Pending RQFII changes to give managers freedom: sources

China's foreign exchange regulator is to change from awarding quotas for specific products to quotas for firms, which should help to cut down on unutilised quota and be more efficient.
Pending RQFII changes to give managers freedom: sources

Chinese authorities are understood to be preparing changes to the RQFII programme that would grant fund managers more freedom in how they allocate their quotas.

It is believed that the alterations would see general quotas awarded to firms for mutual fund and segregated account businesses, rather than specific products, as currently.

China’s State Administration of Foreign Exchange (Safe) is set to announce the new guidelines very soon, with sources suggesting it could be as early as this month.

Safe held a three-hour meeting with fund managers and custodian banks on May 20 in Beijing to discuss amendments to the use of RQFII quotas.

“The regulator wants to better utilise the RQFII [renminbi-denominated foreign qualified institutional investor] quota,” said one source. “It has a very detailed plan in mind.”

Once the new guidelines come into effect, RQFII fund managers will have greater flexibility in using their quotas.

Presently, licensed firms applying for RQFII quota must first submit a product plan for approval. If successful, a quota is decided on and awarded. An A-share exchange-traded fund, for example, usually receives a quota of Rmb1.5 billion to Rmb2 billion.

However, if the fund experiences outflows, fund managers cannot fully utilise their quota.

As of this May, Safe had handed out Rmb210 billion ($33.6 billion) in quotas, but only Rmb90 billion, or 43%, of that had been used.

“The approved RQFII quota is not fully utilised,” noted one Chinese fund manager. “There are hundreds of new products which Safe has to review for quota application. It is a very time-consuming process for both regulators and fund managers.”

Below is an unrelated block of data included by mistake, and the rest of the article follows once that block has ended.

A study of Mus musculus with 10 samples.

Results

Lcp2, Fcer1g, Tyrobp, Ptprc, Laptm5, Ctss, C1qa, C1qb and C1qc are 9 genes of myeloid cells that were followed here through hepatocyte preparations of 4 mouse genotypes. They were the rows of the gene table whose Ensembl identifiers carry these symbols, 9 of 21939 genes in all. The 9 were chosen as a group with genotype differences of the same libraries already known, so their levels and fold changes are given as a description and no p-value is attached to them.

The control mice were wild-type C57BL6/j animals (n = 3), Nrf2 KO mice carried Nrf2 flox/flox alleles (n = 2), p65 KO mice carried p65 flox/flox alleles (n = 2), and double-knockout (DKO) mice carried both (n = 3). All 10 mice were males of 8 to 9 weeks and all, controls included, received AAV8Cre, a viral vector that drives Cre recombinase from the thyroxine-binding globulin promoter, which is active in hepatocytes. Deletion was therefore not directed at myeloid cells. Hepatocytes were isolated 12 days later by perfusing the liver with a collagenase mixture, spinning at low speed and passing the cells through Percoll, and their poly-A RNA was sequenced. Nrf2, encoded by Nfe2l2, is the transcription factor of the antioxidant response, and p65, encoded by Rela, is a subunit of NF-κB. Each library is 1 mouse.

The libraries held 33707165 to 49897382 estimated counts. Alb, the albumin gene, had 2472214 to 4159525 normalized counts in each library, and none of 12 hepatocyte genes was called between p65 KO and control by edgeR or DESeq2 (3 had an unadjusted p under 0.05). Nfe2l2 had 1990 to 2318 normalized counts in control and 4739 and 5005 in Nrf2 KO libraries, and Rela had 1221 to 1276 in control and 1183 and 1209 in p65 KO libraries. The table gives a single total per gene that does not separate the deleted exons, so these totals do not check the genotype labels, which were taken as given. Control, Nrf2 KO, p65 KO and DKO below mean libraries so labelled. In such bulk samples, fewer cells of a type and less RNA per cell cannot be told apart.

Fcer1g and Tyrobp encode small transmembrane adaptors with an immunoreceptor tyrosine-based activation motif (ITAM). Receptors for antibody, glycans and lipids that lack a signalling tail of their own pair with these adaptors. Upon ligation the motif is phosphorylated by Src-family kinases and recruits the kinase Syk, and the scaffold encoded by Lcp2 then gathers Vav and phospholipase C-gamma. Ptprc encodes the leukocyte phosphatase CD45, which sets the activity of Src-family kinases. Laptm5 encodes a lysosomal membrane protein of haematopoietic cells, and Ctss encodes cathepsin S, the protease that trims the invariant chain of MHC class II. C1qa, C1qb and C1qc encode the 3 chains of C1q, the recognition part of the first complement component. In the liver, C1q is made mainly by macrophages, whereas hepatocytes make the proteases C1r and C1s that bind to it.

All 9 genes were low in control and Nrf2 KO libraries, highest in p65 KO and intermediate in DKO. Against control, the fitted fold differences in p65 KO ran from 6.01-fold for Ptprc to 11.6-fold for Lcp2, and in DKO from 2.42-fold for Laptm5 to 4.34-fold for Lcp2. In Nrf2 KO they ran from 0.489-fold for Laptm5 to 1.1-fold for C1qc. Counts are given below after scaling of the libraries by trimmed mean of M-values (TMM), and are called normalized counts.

Although Safe allows fund managers to switch their unused quota to other products, managers must submit an application to the regulator, which usually takes one to two months.

In February, Harvest won approval from Safe to re-allocate Rmb2 billion to a London-listed RQFII ETF from the Rmb5 billion quota it had initially been awarded for its MSCI China A ETF.

“The new guidelines will give much more flexibility for us to develop products as we will be able to switch quota from one to another with no need for regulatory approval,” said another Chinese fund manager.

When RQFII was launched in 2011, quotas were allocated to firms equally. The first pilot batch went to 20 firms. Eleven of them were Hong Kong asset management arms of Chinese securities firms, and nine were Hong Kong arms of Chinese fund management firms.

The former were awarded Rmb900 million each, and the latter Rmb1.1 billion each, except ChinaAMC, which received Rmb1.2 billion

In the second phase of the programme, launched in April 2012, quota was awarded to ETF providers.

In the third stage, starting in 2013, the program was expanded and investment constraints were lifted further.